A couple summers ago, I took an improv comedy class with a colleague using HubSpot’s tuition reimbursement. (Yes, HubSpot actually paid for me to laugh in a class.) But, beyond learning to laugh at life, I also learned another important skill -- public speaking.
Before every improv class, I’d get sweaty palms and have to pep talk myself into even showing up because I was so nervous. Most of my jokes that landed a laugh or giggle were stories about my new (cute) terror of a puppy pottying on my kitchen floor.
One warm-up exercise we’d do as a class was a game called ‘Yes, And.” Character #1 makes a statement to establish the setting and the plot. Then Character #2 chimes in with “Yes, and...” to accept the scene and build upon it.
- Character #1: Wow, this taco is amazing.
- Character #2: Yes, and the homemade guacamole is even better.
- Character #1: Yes, and that’s surprising because I saw on the news today that there’s a recall on avocados.
This game didn’t allow for editing, re-dos or perfectionism. (I’m a recovering perfectionist, so trust me, it’s harder than it sounds.) You just had to keep taking risks and writing the story.
That improv class made me laugh, made me take risks, and made me be more vulnerable. That class couldn’t have come at a better time, because I was about to face my biggest career risk to date.
In 2015, I had the incredible professional opportunity to move across the world to start HubSpot’s third global office in Australia. It was another risk, albeit a much bigger one than showing up at an improv class. But, I remembered the lessons I’d learned in the class and the importance of taking risks to continue growing in my career. So, without further ado, here are 3 important lessons I learned from that improv class that have allowed me to take risks in my career.
Saying ‘yes’ is not always convenient. (But, it’s worth it.)
Are you ever really ready to start a new job? Or move across the country, or get married, or train for a marathon or become a parent? If I waited until I truly felt prepared for everything, I’d never do anything but nap and watch Netflix.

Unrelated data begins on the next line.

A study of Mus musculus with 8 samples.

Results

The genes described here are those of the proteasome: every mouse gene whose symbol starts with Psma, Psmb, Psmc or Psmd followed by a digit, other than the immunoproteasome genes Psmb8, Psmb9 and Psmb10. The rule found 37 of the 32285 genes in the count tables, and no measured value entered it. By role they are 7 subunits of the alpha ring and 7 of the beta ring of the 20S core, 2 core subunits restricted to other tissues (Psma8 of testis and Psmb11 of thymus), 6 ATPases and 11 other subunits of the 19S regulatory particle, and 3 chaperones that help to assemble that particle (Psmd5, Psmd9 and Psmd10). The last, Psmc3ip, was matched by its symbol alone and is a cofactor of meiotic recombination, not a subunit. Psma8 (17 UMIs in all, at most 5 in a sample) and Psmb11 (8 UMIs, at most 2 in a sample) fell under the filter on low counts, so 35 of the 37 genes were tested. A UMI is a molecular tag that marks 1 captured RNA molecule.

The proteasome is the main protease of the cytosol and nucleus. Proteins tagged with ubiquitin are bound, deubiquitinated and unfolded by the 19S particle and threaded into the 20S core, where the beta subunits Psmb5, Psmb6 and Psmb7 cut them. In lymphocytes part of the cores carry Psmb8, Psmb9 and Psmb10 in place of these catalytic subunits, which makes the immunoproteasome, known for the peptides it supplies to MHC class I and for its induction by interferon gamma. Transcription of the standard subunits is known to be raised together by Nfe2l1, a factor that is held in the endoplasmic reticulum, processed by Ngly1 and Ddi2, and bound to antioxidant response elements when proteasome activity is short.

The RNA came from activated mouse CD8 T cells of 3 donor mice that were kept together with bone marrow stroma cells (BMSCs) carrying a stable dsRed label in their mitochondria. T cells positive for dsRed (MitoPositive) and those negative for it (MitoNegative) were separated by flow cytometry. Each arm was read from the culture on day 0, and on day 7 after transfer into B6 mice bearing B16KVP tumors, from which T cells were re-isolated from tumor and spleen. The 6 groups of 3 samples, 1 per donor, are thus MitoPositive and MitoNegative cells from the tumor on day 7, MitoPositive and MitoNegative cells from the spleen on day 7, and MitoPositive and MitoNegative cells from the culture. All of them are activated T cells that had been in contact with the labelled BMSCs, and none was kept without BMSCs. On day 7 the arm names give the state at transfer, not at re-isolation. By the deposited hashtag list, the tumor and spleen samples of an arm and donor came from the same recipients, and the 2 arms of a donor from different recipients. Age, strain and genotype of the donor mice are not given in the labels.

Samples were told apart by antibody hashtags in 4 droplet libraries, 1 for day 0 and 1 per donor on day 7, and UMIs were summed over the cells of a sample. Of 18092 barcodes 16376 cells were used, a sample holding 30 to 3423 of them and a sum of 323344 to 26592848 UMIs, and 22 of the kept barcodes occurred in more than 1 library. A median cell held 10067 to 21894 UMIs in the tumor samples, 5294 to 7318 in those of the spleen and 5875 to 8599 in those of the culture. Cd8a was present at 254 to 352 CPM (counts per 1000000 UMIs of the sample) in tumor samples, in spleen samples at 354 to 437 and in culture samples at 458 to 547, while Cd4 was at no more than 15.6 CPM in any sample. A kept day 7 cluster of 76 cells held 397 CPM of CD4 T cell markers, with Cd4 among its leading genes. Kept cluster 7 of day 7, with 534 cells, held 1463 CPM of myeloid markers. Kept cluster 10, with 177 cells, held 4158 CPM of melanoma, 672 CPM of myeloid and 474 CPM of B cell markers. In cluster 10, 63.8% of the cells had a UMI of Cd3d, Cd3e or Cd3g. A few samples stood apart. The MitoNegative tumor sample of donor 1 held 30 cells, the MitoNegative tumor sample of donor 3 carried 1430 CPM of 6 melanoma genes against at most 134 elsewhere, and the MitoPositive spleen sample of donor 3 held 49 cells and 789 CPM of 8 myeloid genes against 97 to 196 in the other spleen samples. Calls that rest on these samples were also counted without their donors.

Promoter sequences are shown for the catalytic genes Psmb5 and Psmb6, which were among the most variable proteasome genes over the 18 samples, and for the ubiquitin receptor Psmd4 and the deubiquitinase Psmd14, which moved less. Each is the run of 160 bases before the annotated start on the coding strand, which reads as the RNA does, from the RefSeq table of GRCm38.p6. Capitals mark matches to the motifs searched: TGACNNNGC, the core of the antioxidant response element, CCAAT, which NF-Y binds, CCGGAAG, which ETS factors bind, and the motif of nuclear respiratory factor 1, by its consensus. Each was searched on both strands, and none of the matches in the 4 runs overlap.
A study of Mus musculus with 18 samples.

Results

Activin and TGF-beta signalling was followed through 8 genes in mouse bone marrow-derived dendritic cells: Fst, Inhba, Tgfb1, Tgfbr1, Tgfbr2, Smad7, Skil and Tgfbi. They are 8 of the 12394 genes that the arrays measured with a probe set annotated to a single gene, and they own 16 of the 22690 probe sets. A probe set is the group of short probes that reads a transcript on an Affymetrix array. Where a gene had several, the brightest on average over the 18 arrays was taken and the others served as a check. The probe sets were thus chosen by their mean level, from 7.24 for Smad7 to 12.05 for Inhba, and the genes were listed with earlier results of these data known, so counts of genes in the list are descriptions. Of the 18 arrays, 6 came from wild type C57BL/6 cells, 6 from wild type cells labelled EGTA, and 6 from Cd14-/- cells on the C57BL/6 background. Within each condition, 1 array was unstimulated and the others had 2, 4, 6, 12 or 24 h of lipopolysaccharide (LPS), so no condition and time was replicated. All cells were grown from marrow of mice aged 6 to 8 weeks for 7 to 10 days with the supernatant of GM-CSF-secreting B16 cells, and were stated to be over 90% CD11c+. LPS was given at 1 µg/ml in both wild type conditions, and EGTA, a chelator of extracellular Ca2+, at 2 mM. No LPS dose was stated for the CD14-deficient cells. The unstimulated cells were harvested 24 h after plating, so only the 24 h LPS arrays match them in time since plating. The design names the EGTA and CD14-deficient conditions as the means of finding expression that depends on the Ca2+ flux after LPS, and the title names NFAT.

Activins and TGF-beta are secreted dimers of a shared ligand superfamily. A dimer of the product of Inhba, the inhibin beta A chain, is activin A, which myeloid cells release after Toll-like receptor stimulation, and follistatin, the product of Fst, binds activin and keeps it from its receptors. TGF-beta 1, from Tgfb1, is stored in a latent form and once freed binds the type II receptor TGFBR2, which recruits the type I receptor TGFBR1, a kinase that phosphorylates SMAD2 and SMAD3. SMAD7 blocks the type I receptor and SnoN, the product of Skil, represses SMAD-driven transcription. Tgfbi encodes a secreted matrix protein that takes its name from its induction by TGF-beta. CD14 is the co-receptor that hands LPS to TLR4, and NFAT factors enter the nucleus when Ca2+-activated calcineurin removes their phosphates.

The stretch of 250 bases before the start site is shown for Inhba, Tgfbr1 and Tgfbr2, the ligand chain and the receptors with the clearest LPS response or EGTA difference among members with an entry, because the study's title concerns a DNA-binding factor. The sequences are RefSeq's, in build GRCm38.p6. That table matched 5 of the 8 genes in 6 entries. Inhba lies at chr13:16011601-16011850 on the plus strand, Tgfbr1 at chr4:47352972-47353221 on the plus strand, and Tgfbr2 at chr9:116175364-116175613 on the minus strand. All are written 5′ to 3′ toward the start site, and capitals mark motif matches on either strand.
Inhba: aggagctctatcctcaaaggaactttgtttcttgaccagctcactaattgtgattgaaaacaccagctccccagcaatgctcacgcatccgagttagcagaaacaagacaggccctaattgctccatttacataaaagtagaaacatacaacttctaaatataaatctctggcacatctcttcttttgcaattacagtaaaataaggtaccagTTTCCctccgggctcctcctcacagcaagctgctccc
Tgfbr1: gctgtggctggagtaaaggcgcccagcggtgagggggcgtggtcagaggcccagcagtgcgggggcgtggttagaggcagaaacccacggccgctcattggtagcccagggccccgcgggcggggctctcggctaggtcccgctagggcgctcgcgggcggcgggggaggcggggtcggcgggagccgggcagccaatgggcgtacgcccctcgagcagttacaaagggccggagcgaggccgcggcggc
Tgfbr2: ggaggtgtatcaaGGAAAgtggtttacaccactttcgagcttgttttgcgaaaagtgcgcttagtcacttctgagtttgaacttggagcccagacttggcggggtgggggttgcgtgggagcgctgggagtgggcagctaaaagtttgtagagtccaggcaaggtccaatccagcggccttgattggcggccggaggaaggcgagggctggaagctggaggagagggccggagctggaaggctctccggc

When the opportunity to move abroad surfaced, I just couldn’t let it pass without giving it a shot. After much discussion, my boyfriend and I decided to go for it. We had planned on getting married later in the year, but we decided if I got the gig, we’d get married before we left.
So, I spent about 15 hours one weekend working on a presentation and interviewed on a Monday. By Friday, my new manager told me I got the job. Queue the crazy happiness! The next three months were the happiest of my life. We got engaged, planned our wedding, married in 99 days and made plans to move abroad together for my job. Our best friends helped us pack up two apartments in a week and we had beers on my front porch the night before we left. We honeymooned in Fiji on the way to our temporary home in Australia.
Planning a wedding in three months and apartment shopping with a 16-hour time difference was not convenient in the slightest. Preparing for a new job in one of our international offices, while also doing my existing job was not easy. But still, saying ‘yes’ to all of that wasn’t in my plans, it was better.
Growth happens outside of our comfort zone.
During my time in our Sydney office, I managed the launch of our Japanese blog and website. For the first time in my professional life, I worked every day with people who spoke English as a second language. Not only that, we worked exclusively over video call because our translation agency was in Japan and I was in Sydney. I’m a girl from the cornfields of Indiana. This was uncharted territory, and the experience taught me to problem solve. It taught me to get cozy in the uncomfortable because that’s where you learn. That’s where you grow.
There’s truth in the graphic below that to thrive, you need to be somewhere between your comfort zone and the ‘danger zone.’ In your comfort zone, you’re doing projects and exercising skills that you already know how to do. In the danger zone, you feel out of control and panicked so you don’t have the mental space to actually learn. In between those two areas is the sweet spot.
You don’t have to see the finish line to start the race.
That weekend I spent 15 hours preparing for the job interview for the Sydney role, I had absolutely no idea that this career opportunity would overflow into so many other good things. Those good things weren’t only career growth for me, but also personal growth for my family. Caleb (my husband) had never been out of the country before this move. My parents, my younger brother, Caleb’s parents and three friends also got passports to visit us in Australia.
Now is the time in your life to take risks, to say yes. It doesn’t matter your age, or where you are in your career. Waiting until you’re ‘fully ready’ to take a risk, means that it’ll never happen. You don’t have to know the outcome to simply just start. Yes, risk is almost always uncomfortable and inconvenient. But, the growth and learning you’ll get will be 100% worth it.